Alfred Hitchcock’s Cameo Appearances

Cameo list courtesy of Col Needham, founder of The Internet Movie Database

Family Plot

In silhouette through the door of the Registrar of

Births and Deaths, 41 minutes into the movie.


In the center of a crowd, wearing a bowler hat, three

minutes into the film; he is the only one not applauding the speaker.


Being pushed in a wheelchair in an airport, half an hour in.

Hitchcock gets up from the chair, shakes hands with a man, and walks off to the right.

Torn Curtain

Early in the film, sitting in the Hotel d’Angleterre

lobby with a blond baby.


Entering from the left of the hotel corridor after Tippi

Hedren passes by, five minutes in.


Leaving the pet shop with two white terriers as Tippi

Hedren enters.


Four minutes in, through Janet Leigh’s window as she returns

to her office. He is wearing a cowboy hat.

North By Northwest

Missing a bus during the opening credits.


In a gray suit walking in the street, eleven minutes in.

Wrong Man, The

Narrating the film’s prologue.

Man Who Knew Too Much, The

Watching acrobats in the Moroccan marketplace (his back to the

camera) just before the murder.

Trouble With Harry, The

Walking past the parked limousine of an old man who is looking

at paintings, twenty minutes into the film.

To Catch A Thief

Ten minutes in, sitting to the left of Cary Grant

on a bus.

Rear Window

Winding the clock in the songwriter’s apartment, a half

hour into the movie.

Dial M for Murder

On the left side of the class-reunion photo,

thirteen minutes into the film.

I Confess

Crossing the top of a staircase after the opening credits.

Strangers on A Train

Boarding a train with a double bass fiddle as

Farley Granger gets off in his hometown, early in the film.

Stage Fright

Turning to look at Jane Wyman in her disguise as

Marlene Dietrich’s maid.

Under Capricorn

In the town square during a parade, wearing a blue

coat and brown hat, in the first five minutes. Ten minutes later, he is one of three men on the steps of Government House.


His trademark can be seen briefly on a neon sign in the view from the apartment window, approximately 55 minutes into the movie.

Paradine Case, The

Leaving the train and Cumberland Station,

carrying a cello.


At a big party in Claude Rains’s mansion, drinking

champagne and then quickly departing, an hour after the film begins.


Coming out of an elevator at the Empire Hotel,

carrying a violin case and smoking a cigarette, 40 minutes in.


In the “before” and “after” pictures in the newspaper ad for Reduco Obesity Slayer.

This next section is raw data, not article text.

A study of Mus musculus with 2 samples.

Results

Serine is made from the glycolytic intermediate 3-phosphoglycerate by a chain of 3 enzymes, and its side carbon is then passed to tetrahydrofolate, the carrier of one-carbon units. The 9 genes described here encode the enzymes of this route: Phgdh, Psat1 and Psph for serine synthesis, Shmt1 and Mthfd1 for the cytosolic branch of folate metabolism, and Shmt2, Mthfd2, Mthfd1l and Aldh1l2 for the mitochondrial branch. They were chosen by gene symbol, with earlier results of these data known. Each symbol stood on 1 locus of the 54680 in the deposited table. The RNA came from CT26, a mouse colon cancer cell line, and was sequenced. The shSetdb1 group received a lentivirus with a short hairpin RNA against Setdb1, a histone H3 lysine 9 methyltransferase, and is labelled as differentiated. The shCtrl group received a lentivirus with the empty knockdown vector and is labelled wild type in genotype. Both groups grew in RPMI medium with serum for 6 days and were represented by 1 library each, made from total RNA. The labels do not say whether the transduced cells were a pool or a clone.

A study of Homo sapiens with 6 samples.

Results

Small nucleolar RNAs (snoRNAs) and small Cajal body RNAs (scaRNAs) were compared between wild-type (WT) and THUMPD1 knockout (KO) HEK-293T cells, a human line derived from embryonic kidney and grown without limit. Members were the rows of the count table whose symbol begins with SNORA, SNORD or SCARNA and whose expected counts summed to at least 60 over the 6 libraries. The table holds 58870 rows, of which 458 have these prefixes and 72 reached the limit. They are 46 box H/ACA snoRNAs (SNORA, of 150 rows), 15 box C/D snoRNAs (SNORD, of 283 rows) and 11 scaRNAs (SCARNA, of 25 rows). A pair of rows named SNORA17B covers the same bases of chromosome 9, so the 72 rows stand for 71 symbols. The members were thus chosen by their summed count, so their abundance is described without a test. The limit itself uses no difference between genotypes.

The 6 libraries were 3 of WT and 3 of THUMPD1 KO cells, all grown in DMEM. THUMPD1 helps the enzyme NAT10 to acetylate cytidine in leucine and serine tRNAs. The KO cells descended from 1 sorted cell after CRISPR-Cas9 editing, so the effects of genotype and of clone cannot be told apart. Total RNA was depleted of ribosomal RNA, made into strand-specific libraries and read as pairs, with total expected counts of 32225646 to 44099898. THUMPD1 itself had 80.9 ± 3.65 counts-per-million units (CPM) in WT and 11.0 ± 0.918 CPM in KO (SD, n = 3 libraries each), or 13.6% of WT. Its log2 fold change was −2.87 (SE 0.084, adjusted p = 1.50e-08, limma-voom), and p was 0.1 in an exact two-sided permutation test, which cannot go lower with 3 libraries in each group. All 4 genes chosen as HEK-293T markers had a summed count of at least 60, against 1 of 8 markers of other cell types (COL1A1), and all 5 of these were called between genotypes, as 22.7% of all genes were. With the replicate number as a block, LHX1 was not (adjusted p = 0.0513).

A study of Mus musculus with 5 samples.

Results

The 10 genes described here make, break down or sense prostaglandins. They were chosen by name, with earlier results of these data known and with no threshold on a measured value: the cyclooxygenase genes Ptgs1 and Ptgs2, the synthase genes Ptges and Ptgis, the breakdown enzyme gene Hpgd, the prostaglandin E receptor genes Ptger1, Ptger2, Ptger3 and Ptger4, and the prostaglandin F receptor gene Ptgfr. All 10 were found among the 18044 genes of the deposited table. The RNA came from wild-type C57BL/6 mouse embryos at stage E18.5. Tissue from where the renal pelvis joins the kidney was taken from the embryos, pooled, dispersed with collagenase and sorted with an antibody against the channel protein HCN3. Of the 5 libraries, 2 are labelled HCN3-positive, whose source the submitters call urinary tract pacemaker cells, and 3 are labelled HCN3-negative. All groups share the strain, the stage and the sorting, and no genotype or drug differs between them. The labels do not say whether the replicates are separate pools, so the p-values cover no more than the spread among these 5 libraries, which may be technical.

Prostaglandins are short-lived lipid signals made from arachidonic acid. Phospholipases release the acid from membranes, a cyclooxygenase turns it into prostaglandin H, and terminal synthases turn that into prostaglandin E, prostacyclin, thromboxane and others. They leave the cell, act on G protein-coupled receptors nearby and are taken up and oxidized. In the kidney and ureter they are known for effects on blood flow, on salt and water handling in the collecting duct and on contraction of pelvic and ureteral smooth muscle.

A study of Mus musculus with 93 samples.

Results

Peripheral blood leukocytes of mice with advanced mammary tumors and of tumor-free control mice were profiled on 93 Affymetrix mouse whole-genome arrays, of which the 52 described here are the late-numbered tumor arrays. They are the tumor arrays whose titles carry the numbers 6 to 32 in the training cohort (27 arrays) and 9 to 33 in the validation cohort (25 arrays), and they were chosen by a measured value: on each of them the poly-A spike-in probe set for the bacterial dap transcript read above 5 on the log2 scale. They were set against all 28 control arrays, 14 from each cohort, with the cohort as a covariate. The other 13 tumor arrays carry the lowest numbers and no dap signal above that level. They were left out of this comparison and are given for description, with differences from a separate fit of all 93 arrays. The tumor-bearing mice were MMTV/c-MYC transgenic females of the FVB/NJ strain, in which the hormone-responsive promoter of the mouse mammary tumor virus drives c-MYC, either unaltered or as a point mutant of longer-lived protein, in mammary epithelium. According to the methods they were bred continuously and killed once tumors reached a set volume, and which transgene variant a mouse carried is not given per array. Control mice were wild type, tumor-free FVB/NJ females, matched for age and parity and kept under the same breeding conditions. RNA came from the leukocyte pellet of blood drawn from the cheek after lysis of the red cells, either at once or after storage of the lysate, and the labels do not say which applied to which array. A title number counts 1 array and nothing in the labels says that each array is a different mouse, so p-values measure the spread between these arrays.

Shadow of A Doubt

On the train to Santa Rosa, playing cards.


Standing in front of Cut Rate Drugs in New York as the

saboteur’s car stops, an hour in.


TWO Cameos: Mailing a letter at the village postbox about 45 minutes in. Hitch is also seen walking a horse across the screen early on at a hunt meet.

Mr. and Mrs. Smith

Midway through, passing Robert Montgomery in front of his building.

Foreign Correspondent

Early in the movie, after Joel McCrea leaves his hotel, wearing a coat and hat and reading a newspaper.


Walking near the phone booth in the final part of the film

just after George Sanders makes a call.

Lady Vanishes, The

Very near the end of the movie, in Victoria

Station, wearing a black coat and smoking a cigarette.

Young and Innocent

Outside the courthouse, holding a camera.

39 Steps, The

Tossing some litter while Robert Donat and Lucie

Mannheim run from the theater, seven minutes into the movie.


Walking past the house where the murder was committed, about an hour into the movie.


Being bothered by a small boy as he reads a book in

the subway.

Easy Virtue

Walking past a tennis court, carrying a walking stick.

Lodger, The

At a desk in a newsroom and later in the crowd watching an arrest.


Dip in the Pool, Alfred Hitchcock Presents

As a cover picture on a magazine a passenger is reading. This is the only cameo Hitch took in a television show. (His opening remarks on Alfred Hitchcock Presents do not count)


  1. Rick Danna

    Alfred hitchcock’s movie, “Number Seventeen” (1932), must be the only movie he directed in which he did not make a cameo. Does anyone know of any others?

  2. Dave Miller

    On Psycho, I thought Hitchcock was seen crossing the street in front of Janet Leigh’s car as she was leaving the city after she makes off with the money?

  3. Carlos A. Altgelt

    To Rick Danna: There are many without a Hitchcock appearance, especially the early films, such as THE MANXMAN, THE FARMER’S WIFE, THE RING, etc. All you have to do is compare the list of all Hitchcock’s films with the one above.

  4. Carlos A. Altgelt

    To Alice Cooksey: But keep in mind that the one you’re talking about is the REMNAKE of “The Man Who Knew Too Much” by Hitchcock. There’s no cameo appearance on the first.

  5. Alison

    In “North by Northwest,” he can also be seen when they do a longer shot of the United Nations building, I think.

  6. barjesse37

    I’m fairly sure that in The Trouble With Harry, the man walking past the paintings is not Hitch. I have loked at that clip numerous times, and am fairly certain that is not the director.